Virginia basketball’s rising sophomore Casey Morsell struggled a bit during his first season but could be ready for a big leap in Year 2.
Virginia basketball was one of the toughest teams in the country to gauge last season. The defending national champions struggled a bit out of the gates, falling out of the AP Top 25 and closer to the NCAA Tournament bubble than anyone had been expecting.
Then, though, head coach Tony Bennett’s squad flipped a switch down the stretch by winning 11 of their last 12 games and soaring up the rankings. By the time the regular-season was completed, Virginia was projected to land a No. 5-7 seed at the Big Dance had it not been canceled.
Substantial offensive improvement was the guiding force of Virginia’s hot finish over the final month of the year. Coach Bennett’s team spent the majority of the campaign struggling to put the ball in the basket, particularly from distance, and that was the reason for several of their defeats even while holding one of the nation’s best defenses.
While the Cavaliers still only finished with the 243rd-best adjusted offensive efficiency rating for the campaign, there are plenty of reasons to believe that they turned a corner down the stretch and that parlays into optimism for 2020-21.
Perhaps most notably, Tomas Woldetensae started to find his rhythm on the wing. The 6-foot-5 guard shot 39.0 percent on 6.8 3PA per game over the final 12 contests of the season and he will hopefully continue that hot shooting into this coming year.
Additionally, sit-out transfer Sam Hauser should be an instant-impact scorer as a sharpshooting 6-foot-8 forward who previously played at Marquette. He spent the past year learning under Coach Bennett and could be among the preseason frontrunners for ACC Player of the Year.
Of course, the returns of Kihei Clarke and Jay Huff also shouldn’t be forgotten.
Rising sophomore Casey Morsell, though, might be the piece to really make Virginia a candidate to defend their national title. After all, the 2020 NCAA Tournament was canceled and therefore the Cavaliers are still the last team to cut down the final nets for a campaign.
But why Morsell? Because nobody develops quite like UVA.
Casey Morsell entered his freshman season last year ranked as the No. 56 incoming player in the 2019 recruiting class. With that high rating, many expected big things from the youngster, who was going to be thrust into the impossible role of playing big minutes in a backcourt that just lost Kyle Guy and Ty Jerome. Morsell was highly-regarded for his scoring ability and well-built frame coming out of high school and many projected a big-time first year.
That wasn’t necessarily the case.
While Morsell did compete in all of Virginia’s 30 contests last season and averaged 21.8 minutes per game, he struggled with his shot for most of the year. In fact, he averaged just 4.0 points on shooting splits of .277/.176/.857. His 15-for-85 shooting from three certainly left a lot to be desired for someone who was praised for that part of his game.
Simply looking at his overall numbers for the year, though, do not give Morsell the justice he deserves. For starters, it is quite rare for a freshman to immediately make a significant impact in Coach Bennett’s system as it takes time to both grow accustomed to the speed of the college game as well as learning his schemes. Additionally, while he scuffled offensively, Morsell remained a fixture of UVA’s rotation by living up to the hype surrounding his defensive ability.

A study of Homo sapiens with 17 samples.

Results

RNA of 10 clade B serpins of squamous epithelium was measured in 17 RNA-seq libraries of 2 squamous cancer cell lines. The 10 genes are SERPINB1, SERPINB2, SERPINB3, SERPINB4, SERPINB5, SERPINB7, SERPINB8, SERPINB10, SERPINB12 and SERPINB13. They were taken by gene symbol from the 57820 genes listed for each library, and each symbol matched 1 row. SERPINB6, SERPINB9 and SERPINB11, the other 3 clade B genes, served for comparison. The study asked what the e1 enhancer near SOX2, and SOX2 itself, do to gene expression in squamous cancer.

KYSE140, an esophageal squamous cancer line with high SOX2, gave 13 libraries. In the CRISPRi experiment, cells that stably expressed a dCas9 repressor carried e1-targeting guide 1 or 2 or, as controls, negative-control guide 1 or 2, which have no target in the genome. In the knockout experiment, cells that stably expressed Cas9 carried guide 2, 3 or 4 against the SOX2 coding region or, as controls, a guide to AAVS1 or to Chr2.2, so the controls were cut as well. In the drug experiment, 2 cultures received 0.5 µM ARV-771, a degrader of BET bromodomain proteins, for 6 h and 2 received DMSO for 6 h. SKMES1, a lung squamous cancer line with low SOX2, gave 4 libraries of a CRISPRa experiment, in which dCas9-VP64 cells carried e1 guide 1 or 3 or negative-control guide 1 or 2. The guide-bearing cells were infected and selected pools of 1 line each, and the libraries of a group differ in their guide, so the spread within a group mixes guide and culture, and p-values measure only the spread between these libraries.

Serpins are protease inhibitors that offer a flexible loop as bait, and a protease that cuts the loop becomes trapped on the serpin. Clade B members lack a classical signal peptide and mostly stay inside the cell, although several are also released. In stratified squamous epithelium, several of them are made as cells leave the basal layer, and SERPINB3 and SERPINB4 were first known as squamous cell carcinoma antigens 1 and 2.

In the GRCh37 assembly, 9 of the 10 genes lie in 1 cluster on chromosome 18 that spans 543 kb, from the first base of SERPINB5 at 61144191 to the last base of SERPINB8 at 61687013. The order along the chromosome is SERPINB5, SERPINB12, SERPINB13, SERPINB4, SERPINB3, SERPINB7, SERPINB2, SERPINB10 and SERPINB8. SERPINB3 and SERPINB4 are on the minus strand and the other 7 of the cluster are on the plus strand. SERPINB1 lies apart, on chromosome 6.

From the opening tip of the campaign, Morsell had emerged as one of the best defenders on the Virginia roster. That is something that nobody says lightly considering the Cavaliers’ all-around dominance on that end of the floor. He used his strong frame and intelligence to be an excellent fit in the packline scheme from Day 1.
All things considered, Morsell’s freshman year was a mixed bag compared to preseason expectations but he has actually set a pretty high floor for his potential. Virginia fans already know that he will bring superb defense to the floor and it should only be a matter of time before his highly-touted scoring ability shows itself.
Could that be as early as this coming season? Possibly.
Quite frankly, there are not many programs that appear to be on the same level as Virginia when it comes to developing talent. Since 2010-11 (Tony Bennett’s second year at the program), the Cavaliers have amassed a 262-80 (.766) total record despite having only four freshmen average over 7.5 points per game – three of those players were NBA Draft picks.
Of the freshmen that scored 7.5 points or fewer per game with UVA, you can find names such as Kyle Guy, Malcolm Brogdon, London Perrantes, Kihei Clark, Ty Jerome, Mamadi Diakite, Jay Huff, and Devon Hall (among others).
For reference, only five programs have a better winning percentage over the last 10 years: Gonzaga, Kansas, Duke, Kentucky, and Wichita State. All but the Shockers (who even had six) have had at least eight freshmen average 7.5 points per game during this time frame.
Virginia just isn’t a program that is very reliant on first-year contributors to succeed and Morsell’s mixed year shouldn’t detract from his potential breakout. The Cavaliers quite simply win with player development and its track record is very solid. Additionally, Morsell’s reputation as a scorer out of high school was not unfounded. The guy can score, it’s just a matter of putting it all together at the ACC level.
Virginia is widely projected to be a Top 10 team in the nation during this coming season with an impressively deep roster centered around returners, Hauser’s arrival, and a strong three-man recruiting class. Considering how loaded the Cavaliers will be, Morsell might find himself in a sixth-man role. But with his defense and potential spark-plug scoring ability, he could be the super-sub to take UVA over the top.